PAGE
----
Review: Symantec Backup Exec System Recovery 8

By Aaron Weiss | Posted July 10, 2008

Let's be honest ‑ for many of us, backing up our PC, while very important, often falls somewhere behind eating our vegetables and working out three times a week. Oh sure, we read the stories of calamity that befalls other people who haven't done their backups ‑ like the architectural firm lost $2.5M worth of plans when a disgruntled employee deleted them. The small business incurred several thousands of dollars in costs to pay a data-recovery firm to retrieve what could have been restored in minutes with a proper backup.

Symantec Backup Exec System Recovery 8 (Desktop Edition) may possess an unwieldy name, but it represents the veteran vendor's latest evolution in streamlining the backup process. Additionally, Backup Exec System Recovery 8 (BESR8) separates system and data from hardware, which lets you restore backups on different hardware or even migrating system images between physical and virtual machines.

Out of the Virtual Box

You can download BESR8 directly from the Symantec Web site (though you have to register first). The download includes two 400MB files—one is the software installer, the other an ISO image for a bootable recovery disk with BESR8 restore tools.

Installing BESR8 on any 32- or 64-bit Windows 2000/XP/Vista system is straightforward and defaults to a 60-day trial version unless or until you activate the software with a license key. A single desktop license runs about $81, and you must buy one license per desktop where BESR8 will be installed, though the per-desktop cost decreases with volume above 25 units.

It is clear from the start that Symantec has designed BESR8 to present a very user-friendly face on top of a potentially complex feature set. On install, a wizard prompts you to create an initial backup of your system and data, though you may opt out.

The interface is neatly divided into five categories ‑ Home, Status, Tasks, Tools and Advanced. Most of your time using BESR8 will be spent clicking on Tasks and Tools.

Symantec Backup Exec System Recovery 8 (Desktop Edition)
We like the user-friendly Tasks page in Symantec Backup Exec System Recovery 8 (Desktop Edition).
(Click for larger image)

BESR8 backups are known as recovery points and they represent the data needed to restore your PC to its state at that moment in time.

To begin a backup, you first define a job, which specifies what data will be included in the recovery point. The default and most common job is "My Computer" which covers your whole Windows install. You can optionally choose to backup data from other drives and partitions as part of this same job (or in another job of its own).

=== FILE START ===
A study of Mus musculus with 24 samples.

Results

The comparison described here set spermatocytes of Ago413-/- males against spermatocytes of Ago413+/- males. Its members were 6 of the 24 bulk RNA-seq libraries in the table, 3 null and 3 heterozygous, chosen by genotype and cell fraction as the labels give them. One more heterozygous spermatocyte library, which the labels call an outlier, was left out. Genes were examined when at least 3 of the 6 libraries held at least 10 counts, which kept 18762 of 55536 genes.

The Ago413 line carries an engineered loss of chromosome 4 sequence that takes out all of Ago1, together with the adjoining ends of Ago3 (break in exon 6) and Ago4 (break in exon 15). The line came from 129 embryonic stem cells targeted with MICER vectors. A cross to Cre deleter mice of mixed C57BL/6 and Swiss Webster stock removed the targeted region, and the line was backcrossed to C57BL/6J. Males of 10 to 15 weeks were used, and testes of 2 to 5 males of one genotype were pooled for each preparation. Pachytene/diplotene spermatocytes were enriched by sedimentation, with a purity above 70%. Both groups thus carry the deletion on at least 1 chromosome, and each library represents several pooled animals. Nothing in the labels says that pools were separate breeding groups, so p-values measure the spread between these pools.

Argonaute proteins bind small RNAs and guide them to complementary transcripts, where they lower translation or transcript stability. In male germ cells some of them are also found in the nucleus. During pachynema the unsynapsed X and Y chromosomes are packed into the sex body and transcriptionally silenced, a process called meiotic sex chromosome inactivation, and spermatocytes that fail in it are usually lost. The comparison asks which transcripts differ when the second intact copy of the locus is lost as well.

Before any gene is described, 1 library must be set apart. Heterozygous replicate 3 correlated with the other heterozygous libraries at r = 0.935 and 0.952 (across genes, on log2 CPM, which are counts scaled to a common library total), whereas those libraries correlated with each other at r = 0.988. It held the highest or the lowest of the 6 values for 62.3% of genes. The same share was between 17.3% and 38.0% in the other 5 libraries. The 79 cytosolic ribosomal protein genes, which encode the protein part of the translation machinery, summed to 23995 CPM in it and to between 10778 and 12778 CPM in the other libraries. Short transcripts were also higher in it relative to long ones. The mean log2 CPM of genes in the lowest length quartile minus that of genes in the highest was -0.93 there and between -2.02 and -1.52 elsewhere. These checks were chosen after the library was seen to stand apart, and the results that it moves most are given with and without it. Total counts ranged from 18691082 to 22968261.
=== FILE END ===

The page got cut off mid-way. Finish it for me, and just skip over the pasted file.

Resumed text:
You can then assign jobs to an automatic time-based schedule: day of week and times, and you can run backups multiple times per day. You can also launch backup jobs by event triggers, such as when new or specific applications are installed, specified users log on or off, or a specific amount of data has been added to a drive.

Finally, jobs can also be launched in consultation with Symantec's ThreatCon global security threat metric. ThreatCon is like Symantec's version of Homeland Security threat level colors, but for PC malware. Using this feature, BESR8 will launch a backup job if deemed necessary by the ThreatCon level, as determined by Symantec.

Because backup jobs run in the background, you can continue working while BESR8 takes care of business. A small informational window pops up briefly when a backup event begins.

A simple calendar view in the Status menu lets you view future scheduled jobs and optionally click on any date to edit its schedule.

Backup Targets

Storage capacity is cheap, which removes one old excuse for avoiding backups. You can point BESR8 jobs to just about any storage destination – a network share, thumb drive, external USB disk and even a remote Internet location via FTP. Because Windows will sometimes assign different drive letters to attached storage devices like USB disks, BESR8 recognizes these drives by "branding" them with a data tag, allowing the software to assign specific jobs to specific external disks.

Saved backups (recovery points) can be managed after the fact using the Copy Recovery Point task, which lets you, as the name implies, copy a recovery point to another storage location or even to writable CD/DVD.

When you have created a full system recovery point, future backups within the "life" of that recovery point (as defined in the schedule) will contain incremental changes. This saves disk space, because each recovery point does not need to contain duplicate data, which can save you many gigabytes.